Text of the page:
University of Newcastle students embrace first day of formal classes

All smiles: Nena Lane-Kirwan and Adelaide Highfield completed the first day of their three year degrees on Monday. They said they were looking forward to making friends, having fun and learning. Picture: Simone De Peak
All smiles: Nena Lane-Kirwan and Adelaide Highfield completed the first day of their three year degrees on Monday. They said they were looking forward to making friends, having fun and learning. Picture: Simone De Peak

ADELAIDE Highfield had always imagined herself working in the fashion industry.

But after she scored a job at a fashion public relations agency – which she juggled with studying for a fashion and business diploma –  she had a change of heart.

“They weren’t saving lives but got stressed about the little things that I did not care about enough to make my whole life,” Ms Highfield, 19, said.

“I’d always been interested in midwifery but did not think I’d get the marks.

“When I realised I had got the marks I decided to enrol. I like the idea of helping people at a really special time and actually making a difference in the world.”

Ms Highfield is one of 11,310 students commencing study at the University of Newcastle (UON) this week.

The former Santa Sabina College student said she applied to UON because it offered midwifery as an undergraduate degree and she was told it was the country’s most respected program.

“I’d heard Newcastle was sociable and I wanted to be a part of that experience,” she said.

“It’s been exciting – I moved here two weeks ago and it’s been a new adventure in a new city and with new people. I usually find it hard to go up and start conversations but it’s been really easy, everyone is so social here.”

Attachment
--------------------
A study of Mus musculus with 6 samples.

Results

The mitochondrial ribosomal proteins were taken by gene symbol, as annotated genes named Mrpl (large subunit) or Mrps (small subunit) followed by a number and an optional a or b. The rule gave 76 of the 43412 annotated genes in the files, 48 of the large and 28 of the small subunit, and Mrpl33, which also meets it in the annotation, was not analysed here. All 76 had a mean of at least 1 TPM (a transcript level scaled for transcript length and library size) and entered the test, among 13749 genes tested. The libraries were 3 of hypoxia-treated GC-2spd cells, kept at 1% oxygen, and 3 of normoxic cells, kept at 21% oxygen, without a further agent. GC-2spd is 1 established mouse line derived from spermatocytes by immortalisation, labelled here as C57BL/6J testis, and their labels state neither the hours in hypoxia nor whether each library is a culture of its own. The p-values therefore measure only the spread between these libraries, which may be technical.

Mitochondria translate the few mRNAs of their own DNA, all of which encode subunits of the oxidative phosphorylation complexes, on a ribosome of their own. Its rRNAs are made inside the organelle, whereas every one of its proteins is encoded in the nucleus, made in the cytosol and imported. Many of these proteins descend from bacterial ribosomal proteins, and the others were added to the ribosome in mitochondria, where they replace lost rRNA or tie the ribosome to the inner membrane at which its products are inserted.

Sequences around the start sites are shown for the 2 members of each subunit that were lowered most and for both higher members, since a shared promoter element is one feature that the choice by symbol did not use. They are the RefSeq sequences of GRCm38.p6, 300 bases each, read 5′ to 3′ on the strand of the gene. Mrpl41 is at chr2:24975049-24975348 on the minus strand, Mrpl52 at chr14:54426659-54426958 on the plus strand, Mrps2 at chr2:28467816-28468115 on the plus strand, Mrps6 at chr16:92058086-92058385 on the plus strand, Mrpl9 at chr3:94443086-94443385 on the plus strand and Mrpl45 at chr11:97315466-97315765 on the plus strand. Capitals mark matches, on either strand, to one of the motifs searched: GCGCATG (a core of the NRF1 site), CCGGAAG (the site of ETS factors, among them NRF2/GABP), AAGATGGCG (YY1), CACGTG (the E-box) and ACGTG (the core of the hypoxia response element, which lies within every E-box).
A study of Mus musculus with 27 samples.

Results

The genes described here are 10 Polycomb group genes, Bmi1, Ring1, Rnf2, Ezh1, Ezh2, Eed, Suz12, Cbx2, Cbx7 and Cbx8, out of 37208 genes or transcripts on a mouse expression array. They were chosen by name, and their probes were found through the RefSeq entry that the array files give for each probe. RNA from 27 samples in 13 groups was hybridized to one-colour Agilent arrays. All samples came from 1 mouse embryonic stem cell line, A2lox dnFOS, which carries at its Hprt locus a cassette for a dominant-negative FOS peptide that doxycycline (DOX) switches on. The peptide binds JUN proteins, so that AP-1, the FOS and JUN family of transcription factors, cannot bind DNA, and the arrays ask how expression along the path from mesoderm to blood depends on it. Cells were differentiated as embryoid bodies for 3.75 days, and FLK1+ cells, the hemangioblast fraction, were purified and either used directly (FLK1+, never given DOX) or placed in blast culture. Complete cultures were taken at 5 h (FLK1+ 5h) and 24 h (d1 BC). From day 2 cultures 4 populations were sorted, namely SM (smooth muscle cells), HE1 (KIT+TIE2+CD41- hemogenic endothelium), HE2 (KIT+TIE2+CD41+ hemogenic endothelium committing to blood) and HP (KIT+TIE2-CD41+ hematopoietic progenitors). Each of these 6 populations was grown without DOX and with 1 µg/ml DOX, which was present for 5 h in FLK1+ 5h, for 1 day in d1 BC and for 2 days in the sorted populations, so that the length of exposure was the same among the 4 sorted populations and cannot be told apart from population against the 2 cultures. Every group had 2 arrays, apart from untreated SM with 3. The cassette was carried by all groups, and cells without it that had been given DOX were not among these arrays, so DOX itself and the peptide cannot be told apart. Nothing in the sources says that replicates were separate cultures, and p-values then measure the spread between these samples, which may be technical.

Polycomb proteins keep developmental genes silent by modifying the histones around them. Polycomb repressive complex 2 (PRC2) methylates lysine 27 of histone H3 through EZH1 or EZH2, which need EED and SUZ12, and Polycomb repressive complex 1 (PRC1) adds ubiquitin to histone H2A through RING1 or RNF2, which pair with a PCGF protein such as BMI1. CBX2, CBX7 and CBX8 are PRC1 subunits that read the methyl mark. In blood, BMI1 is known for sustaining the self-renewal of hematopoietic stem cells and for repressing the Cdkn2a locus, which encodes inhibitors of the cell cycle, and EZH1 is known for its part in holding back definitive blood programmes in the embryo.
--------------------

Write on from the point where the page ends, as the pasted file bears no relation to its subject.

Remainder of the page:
Nena Lane-Kirwan, 19, said her journey from Swansea High to UON for her environmental science and management degree was also not straight-forward.

She applied to study arts, changed to psychology and deferred to work for a year in a fencing company.

“I didn’t know what I wanted to do before, but I think environmental science is going to be necessary for the future,” she said. “I enjoyed geography and biology at school so hopefully it’s the right choice.”

Ms Highfield had three lectures on Monday and has her three tutorials on Thursday.

She will spend 36 hours observing in a hospital this semester and 200 hours gaining practical experience in a hospital next semester.

“The first lecture was a bit intimidating, there were a lot of people who had already done uni before and the lecturer was talking like everyone already understood what was happening,” she said.

“It feels a lot more mature than at school – it’s a more grown-up environment.”

Ms Lane-Kirwan had two lectures on Monday and has a mix of lectures and tutorials every weekday but Friday.

“I was flustered because I could not get a park,” she said.

“For the first hour I was listening but for the second hour I was going in and out – coming back from a year off it’s hard to take it all back in.

“Before today I was pretty anxious but a friend showed me my classrooms last week during O-Week. It feels a bit daunting but is also very exciting.”